It’s A Love Story

4th Sunday of Advent, 2003

Scripture Ref: Luke 19:5-10 (quickview) ; 23:33-34a

John 15:12-14 (quickview) 

1 John 3:15-16 (quickview) 

Hebrews 7:23-25 (quickview) , 9:24

Additional References: The Bible Knowledge Commentary

New Topical Textbook

1. 4th Sunday of Advent Candle Lighting

a. Last Sunday we lit the candle of joy. We light it and the candles of hope and peace again as we remember that Christ will come again and bring us everlasting peace and joy. (Light the first 3 candles)

b. The fourth candle of Advent is the Candle of Love. It’s light is meant to remind us of the love that God has for us.

c. Jesus shows us God’s perfect love. He is God’s love in human form. The bible says "God so loved the world that he gave his only Son, so that whoever believes in him should not perish, but have eternal life."

d. Love is patient; love is kind and envies no one. Love is never boastful or conceited, rude or selfish. Love is not quick to take offence, it keeps no records of wrongs, it does not gloat over other people’s troubles, but rejoices in the right, the good, and the true. There is nothing that love cannot face; there is no limit to its faith, to its hope, to its endurance. Love never ends.

e. We light this candle today to remind us of how God’s perfect love is found in Jesus. (Light the fourth candle).

f. The fifth candle of the Advent wreath is the Christ candle. We light it to celebrate the birth of the one who is the light of the world.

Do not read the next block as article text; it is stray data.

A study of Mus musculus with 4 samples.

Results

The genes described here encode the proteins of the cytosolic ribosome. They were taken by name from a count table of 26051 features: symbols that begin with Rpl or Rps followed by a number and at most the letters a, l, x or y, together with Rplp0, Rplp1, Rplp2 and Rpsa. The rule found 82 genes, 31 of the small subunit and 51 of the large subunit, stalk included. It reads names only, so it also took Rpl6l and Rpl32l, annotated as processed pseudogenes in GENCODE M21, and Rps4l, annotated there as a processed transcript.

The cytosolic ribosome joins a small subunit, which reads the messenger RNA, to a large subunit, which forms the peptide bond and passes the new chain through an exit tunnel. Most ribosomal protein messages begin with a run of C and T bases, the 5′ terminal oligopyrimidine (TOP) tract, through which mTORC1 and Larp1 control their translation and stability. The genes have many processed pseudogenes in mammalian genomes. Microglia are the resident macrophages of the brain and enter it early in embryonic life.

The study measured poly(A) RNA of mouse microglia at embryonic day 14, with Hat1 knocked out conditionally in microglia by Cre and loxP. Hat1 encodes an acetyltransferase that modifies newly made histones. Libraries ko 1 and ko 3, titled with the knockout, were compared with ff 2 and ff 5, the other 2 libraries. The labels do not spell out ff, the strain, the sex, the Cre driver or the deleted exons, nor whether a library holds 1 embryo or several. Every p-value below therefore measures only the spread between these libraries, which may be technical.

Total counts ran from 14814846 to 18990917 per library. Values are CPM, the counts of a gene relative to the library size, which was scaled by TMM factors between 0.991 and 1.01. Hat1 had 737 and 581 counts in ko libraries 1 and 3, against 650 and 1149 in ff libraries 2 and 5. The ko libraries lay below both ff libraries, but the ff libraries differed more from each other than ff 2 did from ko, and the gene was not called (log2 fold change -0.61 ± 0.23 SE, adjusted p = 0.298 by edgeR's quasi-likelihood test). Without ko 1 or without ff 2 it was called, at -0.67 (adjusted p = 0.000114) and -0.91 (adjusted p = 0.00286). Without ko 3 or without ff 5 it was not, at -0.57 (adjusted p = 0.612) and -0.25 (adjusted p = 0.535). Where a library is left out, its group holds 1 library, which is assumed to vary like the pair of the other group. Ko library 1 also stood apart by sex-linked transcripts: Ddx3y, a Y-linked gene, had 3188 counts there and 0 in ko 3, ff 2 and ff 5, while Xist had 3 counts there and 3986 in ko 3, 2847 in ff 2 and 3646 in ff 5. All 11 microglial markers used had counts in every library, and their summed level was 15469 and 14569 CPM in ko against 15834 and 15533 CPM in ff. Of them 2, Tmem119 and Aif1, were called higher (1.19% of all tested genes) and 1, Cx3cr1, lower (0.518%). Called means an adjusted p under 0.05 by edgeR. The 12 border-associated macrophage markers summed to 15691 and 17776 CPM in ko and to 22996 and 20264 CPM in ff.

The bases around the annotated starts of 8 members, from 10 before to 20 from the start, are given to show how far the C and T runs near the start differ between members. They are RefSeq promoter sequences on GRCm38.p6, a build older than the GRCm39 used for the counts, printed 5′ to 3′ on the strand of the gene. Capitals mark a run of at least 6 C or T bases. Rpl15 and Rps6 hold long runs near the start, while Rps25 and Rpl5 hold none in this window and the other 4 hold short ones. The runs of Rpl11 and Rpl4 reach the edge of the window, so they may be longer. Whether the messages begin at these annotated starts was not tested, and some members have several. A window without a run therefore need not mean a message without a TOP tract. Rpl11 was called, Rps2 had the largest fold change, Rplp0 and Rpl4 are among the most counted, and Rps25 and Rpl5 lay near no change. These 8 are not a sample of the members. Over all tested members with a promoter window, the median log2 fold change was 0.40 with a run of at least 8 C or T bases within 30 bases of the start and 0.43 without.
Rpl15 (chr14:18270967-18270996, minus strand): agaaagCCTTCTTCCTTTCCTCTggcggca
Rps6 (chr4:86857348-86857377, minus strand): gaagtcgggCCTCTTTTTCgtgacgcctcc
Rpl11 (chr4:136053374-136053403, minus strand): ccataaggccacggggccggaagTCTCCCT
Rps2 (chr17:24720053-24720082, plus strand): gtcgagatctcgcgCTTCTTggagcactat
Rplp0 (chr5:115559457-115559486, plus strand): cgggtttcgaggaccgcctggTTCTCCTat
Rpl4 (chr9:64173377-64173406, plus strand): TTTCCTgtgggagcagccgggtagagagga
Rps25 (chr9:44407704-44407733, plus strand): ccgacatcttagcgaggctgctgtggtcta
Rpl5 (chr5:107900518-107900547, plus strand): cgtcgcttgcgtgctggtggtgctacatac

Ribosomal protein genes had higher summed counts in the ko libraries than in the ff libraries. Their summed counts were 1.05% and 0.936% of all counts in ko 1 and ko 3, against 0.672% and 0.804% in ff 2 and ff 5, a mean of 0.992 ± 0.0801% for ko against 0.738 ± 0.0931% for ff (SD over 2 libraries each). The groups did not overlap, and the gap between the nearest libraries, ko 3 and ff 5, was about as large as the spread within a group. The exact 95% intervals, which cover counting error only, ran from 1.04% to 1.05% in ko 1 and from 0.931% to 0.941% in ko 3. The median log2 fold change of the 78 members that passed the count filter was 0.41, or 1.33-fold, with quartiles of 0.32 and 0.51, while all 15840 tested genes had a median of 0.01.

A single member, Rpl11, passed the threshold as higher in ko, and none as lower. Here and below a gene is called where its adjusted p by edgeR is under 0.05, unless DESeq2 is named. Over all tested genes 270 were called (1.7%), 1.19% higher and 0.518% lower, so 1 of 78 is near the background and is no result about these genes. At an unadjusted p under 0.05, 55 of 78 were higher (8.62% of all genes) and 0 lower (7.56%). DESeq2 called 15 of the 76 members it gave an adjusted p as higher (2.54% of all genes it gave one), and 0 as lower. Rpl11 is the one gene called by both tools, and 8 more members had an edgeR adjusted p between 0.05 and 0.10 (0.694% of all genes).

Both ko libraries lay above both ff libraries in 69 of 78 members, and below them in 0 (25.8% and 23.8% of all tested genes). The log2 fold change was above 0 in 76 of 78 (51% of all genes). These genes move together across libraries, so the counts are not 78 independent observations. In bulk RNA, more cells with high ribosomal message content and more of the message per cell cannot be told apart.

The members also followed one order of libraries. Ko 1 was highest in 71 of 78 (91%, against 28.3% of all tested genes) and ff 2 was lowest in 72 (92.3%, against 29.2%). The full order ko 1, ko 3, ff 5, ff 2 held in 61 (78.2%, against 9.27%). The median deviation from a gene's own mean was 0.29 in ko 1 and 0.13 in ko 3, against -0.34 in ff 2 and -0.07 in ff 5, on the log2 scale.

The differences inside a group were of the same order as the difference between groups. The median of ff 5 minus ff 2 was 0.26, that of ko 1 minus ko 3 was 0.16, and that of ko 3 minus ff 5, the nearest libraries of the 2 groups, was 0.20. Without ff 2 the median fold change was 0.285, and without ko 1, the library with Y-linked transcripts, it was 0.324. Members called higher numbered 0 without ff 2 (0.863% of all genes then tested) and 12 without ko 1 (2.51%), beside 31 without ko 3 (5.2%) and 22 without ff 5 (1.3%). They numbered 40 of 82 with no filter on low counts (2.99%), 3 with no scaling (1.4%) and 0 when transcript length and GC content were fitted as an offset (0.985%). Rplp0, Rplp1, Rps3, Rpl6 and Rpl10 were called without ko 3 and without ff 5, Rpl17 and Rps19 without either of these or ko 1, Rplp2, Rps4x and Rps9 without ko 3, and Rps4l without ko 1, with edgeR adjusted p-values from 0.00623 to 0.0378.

2. Introduction

a. Lighting the 4the Advent candle sets the theme for today’s message—Love.

b. The word love is used very loosely these days. It is used more as an adjective describing our feelings about objects than it is used as a verb demonstrating action.

c. This Christmas season, now more than ever, the closer we get to Christ’s triumphant return, we need to relearn what true love is and how we can and should use it. Much like the child in the story I am about to read, we need to rediscover the true source of true love, Jesus.

d. Read Misha and Jesus:

It was nearing the holiday season, 1994, time for our orphans to hear, for the first time, the traditional story of Christmas. We told them about Mary and Joseph arriving in Bethlehem. Finding no room in the inn, the couple went to a stable, where the baby Jesus was born and placed in a manger.

Throughout the story, the children and orphanage staff sat in amazement as they listened. Some sat on the edges of their stools, trying to grasp every word. Completing the story, we gave the children three small pieces of cardboard to make a crude manger. Each child was given a small paper square, cut from yellow napkins I had brought with me. No colored paper was available in the city.

Following instructions, the children tore the paper and carefully laid strips in the manger for straw. Small squares of flannel, cut from a worn-out nightgown an American lady was throwing away as she left Russia, were used for the baby’s blanket. A doll-like baby was cut from tan felt we had brought from the United States.

The orphans were busy assembling their manger as I walked among them to see if they needed any help. All went well until I got to one table where little Misha sat. He looked to be about 6 years old and had finished his project. As I looked at the little boy’s manger, I was startled to see not one, but two babies in the manger. Quickly, I called for the translator to ask the lad why there were two babies in the manger. Crossing his arms in front of him and looking at this completed manger scene, the child began to repeat the story very seriously.